An unemployed mother of five from a New York suburb was arrested after police said she found a quick way to make money: She turning her children into beggars.

One of Antoinette Jones' children told police her mother frequently forced them to walk to stores to beg and they often picked up $30 (EUR22.5) to $40 (EUR30) at a time.

Jones, 37, pleaded not guilty to endangering the welfare of a child, a misdemeanor, when she was arraigned Tuesday in Yonkers City Court. Jones was released without bail after a judge issued an order of protection that bars her from her five children.

Child Protective Services in Yonkers was notified about the case, police said. Agency officials said they could not discuss it.

Police discovered the panhandling when Jones' 11-year-old son was reported missing at a supermarket on Monday night.

When police arrived, Jones' 18-year-old daughter told them that her mother had made them walk several miles (kilometers) from their home to the supermarket, where they were told to stand outside and beg for money.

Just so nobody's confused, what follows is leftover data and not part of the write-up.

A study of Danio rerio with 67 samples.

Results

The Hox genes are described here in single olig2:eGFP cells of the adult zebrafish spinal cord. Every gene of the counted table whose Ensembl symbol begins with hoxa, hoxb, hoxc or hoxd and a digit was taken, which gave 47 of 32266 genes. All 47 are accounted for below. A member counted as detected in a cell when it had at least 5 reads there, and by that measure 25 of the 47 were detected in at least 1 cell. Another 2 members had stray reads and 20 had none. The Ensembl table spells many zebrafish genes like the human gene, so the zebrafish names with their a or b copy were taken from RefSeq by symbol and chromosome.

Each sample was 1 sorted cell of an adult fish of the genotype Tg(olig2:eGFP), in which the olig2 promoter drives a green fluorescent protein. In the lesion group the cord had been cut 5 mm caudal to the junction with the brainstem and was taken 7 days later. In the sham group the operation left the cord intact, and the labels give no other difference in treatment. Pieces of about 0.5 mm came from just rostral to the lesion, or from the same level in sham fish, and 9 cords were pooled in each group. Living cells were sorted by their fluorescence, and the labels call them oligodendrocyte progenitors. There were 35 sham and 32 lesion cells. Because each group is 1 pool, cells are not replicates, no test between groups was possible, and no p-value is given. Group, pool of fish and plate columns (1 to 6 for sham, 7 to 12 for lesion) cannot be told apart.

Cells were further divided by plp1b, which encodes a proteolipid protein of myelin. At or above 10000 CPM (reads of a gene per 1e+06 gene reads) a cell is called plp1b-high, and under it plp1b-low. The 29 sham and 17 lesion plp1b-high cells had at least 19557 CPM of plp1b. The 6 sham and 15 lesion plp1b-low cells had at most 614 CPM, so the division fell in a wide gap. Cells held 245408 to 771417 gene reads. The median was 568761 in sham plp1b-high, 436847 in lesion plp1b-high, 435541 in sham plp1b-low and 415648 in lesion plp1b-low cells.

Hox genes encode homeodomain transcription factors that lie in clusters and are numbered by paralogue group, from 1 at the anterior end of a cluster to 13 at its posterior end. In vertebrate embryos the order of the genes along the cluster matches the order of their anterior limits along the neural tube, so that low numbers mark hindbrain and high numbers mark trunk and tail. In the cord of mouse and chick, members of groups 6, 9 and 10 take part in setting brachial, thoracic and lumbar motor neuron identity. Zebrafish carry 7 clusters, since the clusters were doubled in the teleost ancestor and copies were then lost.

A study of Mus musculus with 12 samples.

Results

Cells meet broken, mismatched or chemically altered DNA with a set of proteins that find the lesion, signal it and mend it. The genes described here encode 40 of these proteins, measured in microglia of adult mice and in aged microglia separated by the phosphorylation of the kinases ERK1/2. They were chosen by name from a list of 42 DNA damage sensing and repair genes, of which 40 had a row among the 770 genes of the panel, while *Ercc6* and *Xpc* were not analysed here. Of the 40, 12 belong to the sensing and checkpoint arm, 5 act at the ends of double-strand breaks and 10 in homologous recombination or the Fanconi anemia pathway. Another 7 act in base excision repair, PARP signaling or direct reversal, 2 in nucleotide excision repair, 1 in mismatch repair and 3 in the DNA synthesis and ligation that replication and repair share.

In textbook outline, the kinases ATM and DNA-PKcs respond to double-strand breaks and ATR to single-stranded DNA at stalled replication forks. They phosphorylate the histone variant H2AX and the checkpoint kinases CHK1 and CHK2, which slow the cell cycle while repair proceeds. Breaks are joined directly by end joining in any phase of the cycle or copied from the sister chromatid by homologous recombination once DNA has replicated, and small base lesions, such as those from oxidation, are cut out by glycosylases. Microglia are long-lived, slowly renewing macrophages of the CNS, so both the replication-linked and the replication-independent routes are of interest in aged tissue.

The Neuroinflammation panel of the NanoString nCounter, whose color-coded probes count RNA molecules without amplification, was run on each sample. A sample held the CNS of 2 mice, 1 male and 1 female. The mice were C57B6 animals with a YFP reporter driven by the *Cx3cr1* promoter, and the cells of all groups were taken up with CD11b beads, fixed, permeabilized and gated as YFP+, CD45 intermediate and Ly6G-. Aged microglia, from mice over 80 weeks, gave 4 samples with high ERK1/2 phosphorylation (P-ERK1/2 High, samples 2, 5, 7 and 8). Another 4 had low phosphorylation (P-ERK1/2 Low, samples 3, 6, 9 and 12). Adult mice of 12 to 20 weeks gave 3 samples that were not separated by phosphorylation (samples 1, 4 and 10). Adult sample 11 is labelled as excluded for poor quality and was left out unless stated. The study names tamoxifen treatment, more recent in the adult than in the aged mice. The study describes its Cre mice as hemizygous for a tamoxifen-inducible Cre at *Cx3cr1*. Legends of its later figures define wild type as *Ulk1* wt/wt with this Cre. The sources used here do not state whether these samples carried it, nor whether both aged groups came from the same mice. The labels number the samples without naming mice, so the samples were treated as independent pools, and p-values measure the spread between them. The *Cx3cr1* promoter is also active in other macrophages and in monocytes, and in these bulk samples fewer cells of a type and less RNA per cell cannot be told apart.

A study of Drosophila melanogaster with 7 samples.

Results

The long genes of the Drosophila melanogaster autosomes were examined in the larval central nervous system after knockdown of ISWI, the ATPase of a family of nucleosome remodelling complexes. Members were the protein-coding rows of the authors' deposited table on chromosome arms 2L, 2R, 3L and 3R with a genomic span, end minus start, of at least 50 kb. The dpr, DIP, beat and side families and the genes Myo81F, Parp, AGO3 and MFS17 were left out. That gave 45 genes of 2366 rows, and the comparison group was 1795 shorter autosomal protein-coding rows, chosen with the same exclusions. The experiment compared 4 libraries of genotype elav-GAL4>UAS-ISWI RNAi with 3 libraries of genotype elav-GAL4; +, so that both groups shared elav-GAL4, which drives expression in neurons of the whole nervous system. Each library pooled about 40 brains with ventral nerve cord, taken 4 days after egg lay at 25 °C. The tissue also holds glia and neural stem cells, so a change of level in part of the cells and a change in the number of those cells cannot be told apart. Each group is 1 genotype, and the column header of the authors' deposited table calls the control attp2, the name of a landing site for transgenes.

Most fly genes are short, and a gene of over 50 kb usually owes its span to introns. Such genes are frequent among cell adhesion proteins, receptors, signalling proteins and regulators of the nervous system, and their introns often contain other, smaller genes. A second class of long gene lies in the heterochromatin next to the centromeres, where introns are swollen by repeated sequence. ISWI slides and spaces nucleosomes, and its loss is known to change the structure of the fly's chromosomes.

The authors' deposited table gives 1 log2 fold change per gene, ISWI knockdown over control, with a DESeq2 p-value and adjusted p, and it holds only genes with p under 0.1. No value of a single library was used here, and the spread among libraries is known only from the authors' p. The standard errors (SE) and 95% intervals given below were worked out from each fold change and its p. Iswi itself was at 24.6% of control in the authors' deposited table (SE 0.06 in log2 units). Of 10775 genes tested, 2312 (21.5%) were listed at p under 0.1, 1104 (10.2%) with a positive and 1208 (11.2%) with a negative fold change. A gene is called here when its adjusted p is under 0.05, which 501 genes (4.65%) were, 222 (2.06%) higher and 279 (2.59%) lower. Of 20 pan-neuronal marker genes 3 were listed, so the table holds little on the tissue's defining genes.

While the 18-year-old went to the bathroom, her brother disappeared, said Lt. Diane Hessler, a Yonkers police spokeswoman. The boy returned to the store several hours later; police did not know where he had gone.

In a similar incident last week, Jones' 7-year-old son disappeared from another supermarket in Yonkers and was found in a nearby fast-food restaurant, said authorities, who did not release any information on Jones' other two children.

A hair stylist who works in a salon near one of the supermarkets said she and co-workers had seen the 11-year-old boy begging day after day.

"I think it's horrible," Christine Shleiwet told WABC-TV. "It's wrong."

Jones and her daughter were taken to the police precinct, where the mother was arrested. She told police she was on public assistance. It was unclear how many counts of child endangerment Jones would face.

The 18-year-old told police her mother frequently forced the children to walk to stores to beg. The teenager said they often picked up $30 to $40 (EUR22 to EUR30) at a time.

Jones' attorney, Joseph Cosgrove of Hartsdale, declined to comment when reached by phone.